I started this post a couple of months ago–before Covid-19 foisted itself upon the world. The point remains relevant, nonetheless–perhaps more so.
On vacation last winter, I booked a tour from Sedona to Antelope Canyon. It was my first time traveling with a group of strangers in a small rental van, and I ended up overhearing the kind of chitchat I usually avoid. To be honest, I didn’t play a very active role in the conversation. Small talk is not my preference. Nonetheless, sitting between the other two families, I couldn’t help overhearing the conversation. One man apologized for echoing online reviews; then explained the “experience” he and his wife felt at one of the vortexes. The driver narrated a story surrounding a house in the area reputed to have strange sightings–but not without a disclaimer that her memory wouldn’t hold up to a Google search. And something occurred to me–the online era has changed the fundamental function of conversation as a speech act.
In the academic skills class I teach, my students read a passage titled “Education: Attentional Disarry” from social psychologist Sherry Turkle’s book Reclaiming Conversation: The Power of Talk in a Digital Age, in which the author addresses the effects of the constant distraction of technology in a classroom. Turkle focuses on the lack of interaction due to the persistent alure of devices. She addresses the influence smartphones exert on students’ capacity to focus in a classroom, and on people sitting at the dinner table–staring at their phones rather than interacting. She talks about the lack of uninterrupted time families spend–everyone perennially lured by the siren song of the smartphone.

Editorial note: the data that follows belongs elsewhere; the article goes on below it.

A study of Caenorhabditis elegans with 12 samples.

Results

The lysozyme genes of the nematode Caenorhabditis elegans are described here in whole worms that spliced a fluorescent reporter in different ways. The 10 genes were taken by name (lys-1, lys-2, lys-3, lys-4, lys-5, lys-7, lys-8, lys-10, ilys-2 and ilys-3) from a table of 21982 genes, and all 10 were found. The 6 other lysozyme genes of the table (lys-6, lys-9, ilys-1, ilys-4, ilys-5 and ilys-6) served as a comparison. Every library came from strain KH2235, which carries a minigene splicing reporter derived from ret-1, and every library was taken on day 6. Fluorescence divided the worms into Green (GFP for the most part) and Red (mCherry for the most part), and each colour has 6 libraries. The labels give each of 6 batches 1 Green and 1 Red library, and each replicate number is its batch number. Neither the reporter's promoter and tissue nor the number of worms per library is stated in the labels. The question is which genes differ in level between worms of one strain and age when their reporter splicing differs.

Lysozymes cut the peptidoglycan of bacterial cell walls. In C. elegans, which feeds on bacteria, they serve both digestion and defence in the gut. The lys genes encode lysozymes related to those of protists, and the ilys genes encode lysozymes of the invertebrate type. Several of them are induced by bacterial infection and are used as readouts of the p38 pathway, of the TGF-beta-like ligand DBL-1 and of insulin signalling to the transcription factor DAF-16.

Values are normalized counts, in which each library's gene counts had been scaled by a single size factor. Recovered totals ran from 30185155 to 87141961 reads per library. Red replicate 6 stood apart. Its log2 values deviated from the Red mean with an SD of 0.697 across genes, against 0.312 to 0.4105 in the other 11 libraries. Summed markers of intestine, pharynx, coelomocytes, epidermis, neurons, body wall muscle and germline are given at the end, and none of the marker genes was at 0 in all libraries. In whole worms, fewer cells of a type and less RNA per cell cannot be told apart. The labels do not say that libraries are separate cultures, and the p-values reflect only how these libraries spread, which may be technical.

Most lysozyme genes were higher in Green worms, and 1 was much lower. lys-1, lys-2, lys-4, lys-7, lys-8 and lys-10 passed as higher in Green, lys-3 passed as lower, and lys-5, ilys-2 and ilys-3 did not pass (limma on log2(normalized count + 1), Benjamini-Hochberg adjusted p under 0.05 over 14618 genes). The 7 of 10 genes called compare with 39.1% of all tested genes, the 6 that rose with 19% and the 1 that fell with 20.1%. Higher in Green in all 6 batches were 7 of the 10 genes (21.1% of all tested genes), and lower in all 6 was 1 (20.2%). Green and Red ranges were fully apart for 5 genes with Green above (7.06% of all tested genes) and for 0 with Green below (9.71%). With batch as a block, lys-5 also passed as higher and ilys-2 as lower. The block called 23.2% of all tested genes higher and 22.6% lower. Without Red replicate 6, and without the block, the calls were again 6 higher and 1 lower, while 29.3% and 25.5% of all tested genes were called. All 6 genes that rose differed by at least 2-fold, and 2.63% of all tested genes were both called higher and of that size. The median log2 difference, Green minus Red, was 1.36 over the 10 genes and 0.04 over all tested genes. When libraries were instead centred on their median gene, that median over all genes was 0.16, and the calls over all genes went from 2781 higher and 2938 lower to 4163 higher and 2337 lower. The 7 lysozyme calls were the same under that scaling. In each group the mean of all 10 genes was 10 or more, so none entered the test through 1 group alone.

Still, Turkle doesn’t address the effect I suspect to be more pervasive–the influence technology exerts on the quality and tenor of conversation, even when we’re not using devices. Research on the topic assumes that so long as we are looking at each other and producing speech sounds, we engage in communication. But how has the Internet and technology influenced the quality and content of what we say?
It used to be the case that conversation had value as a means of acquiring information. Before we all walked around with libraries in our pockets, informaton cost time. Therefore, people focused on the information others gave them because acquiring reliable information was time-expensive. As a result, the information others shared contained inherent value. People asked others for directions; they passed around the forecast; they sought help with the daily crossword puzzle. The accuracy of what was said was never a certainty–much the way a meal at a restaurant you couldn’t look up on Yelp could not be relied upon to meet your taste. And that part of the experience had value. Not knowing how much people said was accurate, or even true, lent a measure of mystery to every interaction. You could believe things that contained a smidgeon of exaggeration because no one would put you on the hook for not getting in your car and driving to the library to verify the accuracy of your statistics.
That was then.
Conversation has undergone a metamorphosis. We no longer talk to share information. Before the Internet, conversation served a dual function of transaction & interaction. Now we perform the ritual for its interactional value alone, and then probably only to avoid the extended silences North Americans find uncomfortable (most likely stemming from a desire to assess the trustworthiness of others in a pluralistic society comprised of individuals of various backgrounds and moral characters). Meanwhile, the listener affects an air of condescending observer–assumes the ideal egalitarian posture–interspersing back-channeled “Uh-huhs” to reinforce the impossibility that the speaker knows anything he does not.
Ultimately, I don’t know if interaction without transaction will improve or detract from the act of conversation, but it makes conversing with others less necessary.